Health Minister Edwin Poots is to submit a paper seeking approval to go out to public consultation on the issue, the High Court was told.
The development came as a two-day legal challenge to the failure to publish information on the termination of pregnancies was set to begin.
But the case was halted following confirmation of Mr Poots' new position.
The Family Planning Association (FPA) had launched judicial review proceedings against the Department of Health in a bid to have guidance issued.
Under current law abortion is illegal in Northern Ireland, except in limited circumstances where the mother's life or mental well-being are considered at risk.
In 2009 the Department published a document which, for the first time, provided guidance to health professionals in Northern Ireland on terminating pregnancy.
But later that year the High Court ruled it did not properly cover counselling and conscientious objection issues.
The guidelines were held to be misleading and had to be withdrawn for reconsideration.
In court on Wednesday senior counsel for the FPA, Tony McGleenan QC, disclosed that a letter was received by his solicitors Edwards and Co on Tuesday night confirming the Minister's plans.
Mr Poots is to submit a paper to ministerial colleagues seeking approval to consult on a version of the guidance on termination of pregnancy.
The letter states: "While the draft paper will be in circulation by March 7, 2013, it should be born in mind that the Minister does not control the Executive agenda."
"The Minister would propose consulting on the guidance in due course and hopes to secure the support in principle of Executive colleagues at the earliest possible stage."
It's essential that the guidance should contain clear pathways for referrals for women and directions for aftercare services which is essentially what these proceedings were all about.
Audrey Simpson, Family Planning Assocation NI chief executive
Mr McGleenan told the court that the position meant there was no need to continue with the case as his client has achieved its aims.
But sources close to the Department, which was represented by Attorney General John Larkin QC, claimed it was not a victory for the FPA.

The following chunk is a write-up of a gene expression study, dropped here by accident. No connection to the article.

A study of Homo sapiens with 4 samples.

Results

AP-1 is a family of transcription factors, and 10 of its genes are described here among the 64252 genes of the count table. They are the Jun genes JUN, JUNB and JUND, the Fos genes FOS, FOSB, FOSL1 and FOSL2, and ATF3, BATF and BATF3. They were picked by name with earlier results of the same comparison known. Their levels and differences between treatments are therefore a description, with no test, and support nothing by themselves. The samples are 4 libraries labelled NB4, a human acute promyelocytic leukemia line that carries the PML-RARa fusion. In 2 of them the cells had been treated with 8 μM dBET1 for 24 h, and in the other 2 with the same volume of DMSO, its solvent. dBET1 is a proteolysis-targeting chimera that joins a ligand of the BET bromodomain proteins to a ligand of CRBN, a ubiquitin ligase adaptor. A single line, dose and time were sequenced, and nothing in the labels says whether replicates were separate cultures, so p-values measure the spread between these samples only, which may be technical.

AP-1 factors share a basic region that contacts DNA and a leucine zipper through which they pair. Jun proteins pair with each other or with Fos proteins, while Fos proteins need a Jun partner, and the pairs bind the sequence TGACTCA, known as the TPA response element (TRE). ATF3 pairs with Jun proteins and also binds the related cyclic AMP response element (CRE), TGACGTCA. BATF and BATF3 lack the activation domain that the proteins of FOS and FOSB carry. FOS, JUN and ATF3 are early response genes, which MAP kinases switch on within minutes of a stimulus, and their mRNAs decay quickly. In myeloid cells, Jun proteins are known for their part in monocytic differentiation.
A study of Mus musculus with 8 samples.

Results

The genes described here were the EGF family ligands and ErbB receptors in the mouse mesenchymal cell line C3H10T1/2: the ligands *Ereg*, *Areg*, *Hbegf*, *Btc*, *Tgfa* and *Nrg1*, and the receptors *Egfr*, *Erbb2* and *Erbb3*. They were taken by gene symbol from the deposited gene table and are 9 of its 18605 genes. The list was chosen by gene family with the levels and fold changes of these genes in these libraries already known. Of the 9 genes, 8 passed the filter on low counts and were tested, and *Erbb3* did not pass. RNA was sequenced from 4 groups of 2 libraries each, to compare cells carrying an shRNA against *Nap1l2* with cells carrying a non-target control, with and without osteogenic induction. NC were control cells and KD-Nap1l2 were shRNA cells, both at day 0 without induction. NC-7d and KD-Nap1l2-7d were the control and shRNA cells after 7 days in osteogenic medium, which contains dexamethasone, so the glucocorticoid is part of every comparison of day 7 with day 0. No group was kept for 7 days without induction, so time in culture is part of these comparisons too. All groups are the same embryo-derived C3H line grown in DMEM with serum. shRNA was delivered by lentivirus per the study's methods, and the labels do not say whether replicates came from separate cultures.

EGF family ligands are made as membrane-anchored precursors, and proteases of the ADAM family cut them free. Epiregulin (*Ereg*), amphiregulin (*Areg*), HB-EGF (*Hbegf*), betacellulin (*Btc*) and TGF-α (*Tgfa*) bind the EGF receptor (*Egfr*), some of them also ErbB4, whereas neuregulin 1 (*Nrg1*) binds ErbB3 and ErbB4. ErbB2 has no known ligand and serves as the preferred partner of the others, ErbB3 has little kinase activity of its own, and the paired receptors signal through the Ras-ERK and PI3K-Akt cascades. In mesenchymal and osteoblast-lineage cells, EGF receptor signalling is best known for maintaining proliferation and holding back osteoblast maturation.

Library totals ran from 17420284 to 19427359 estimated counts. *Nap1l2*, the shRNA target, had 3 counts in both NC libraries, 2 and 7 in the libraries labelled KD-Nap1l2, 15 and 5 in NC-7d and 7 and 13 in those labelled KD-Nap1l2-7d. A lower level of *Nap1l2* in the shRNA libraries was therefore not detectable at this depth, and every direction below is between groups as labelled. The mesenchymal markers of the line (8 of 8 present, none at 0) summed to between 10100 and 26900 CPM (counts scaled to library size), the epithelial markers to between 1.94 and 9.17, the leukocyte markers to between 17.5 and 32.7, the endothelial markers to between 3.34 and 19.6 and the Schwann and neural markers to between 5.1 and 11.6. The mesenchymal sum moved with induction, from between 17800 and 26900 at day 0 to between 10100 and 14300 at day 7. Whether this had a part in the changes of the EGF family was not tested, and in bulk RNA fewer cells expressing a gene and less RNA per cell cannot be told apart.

It was pointed out that the Association had been seeking a declaration that non-publication was unlawful and an order for information to be issued.
Following the development Mr Justice Treacy agreed to dismiss the case.
He will decide the issue of costs in the case at a later stage.
Outside the court Audrey Simpson, chief executive of the FPA in Northern Ireland, called for the urgent issuing of guidance following the Minister's commitment.
In a statement issued through her solicitors she said: "It's unfortunate that the Family Planning Association had to resort to legal action to achieve this result.
"The action now promised by the Department is something that should have happened many years ago.
"The Family Planning Association stated this process almost 12 years ago and it's very interesting the note that in that period public opinion on the issue has changed significantly."
Breedagh Hughes, director of the Royal College of Midwives in Northern Ireland said there was still not enough progress made on guidelines.
"We are frustrated that there is no clear timescale," she said.
"This is the third or fourth consultation on this particular piece of guidance, it has been consulted to death.
"If they cannot get it right this time they will never get it right."
She added: "We could be here next year with no clear guidance. I would have liked to have seen a clear timescale, however some progress has been made and we must be grateful for that."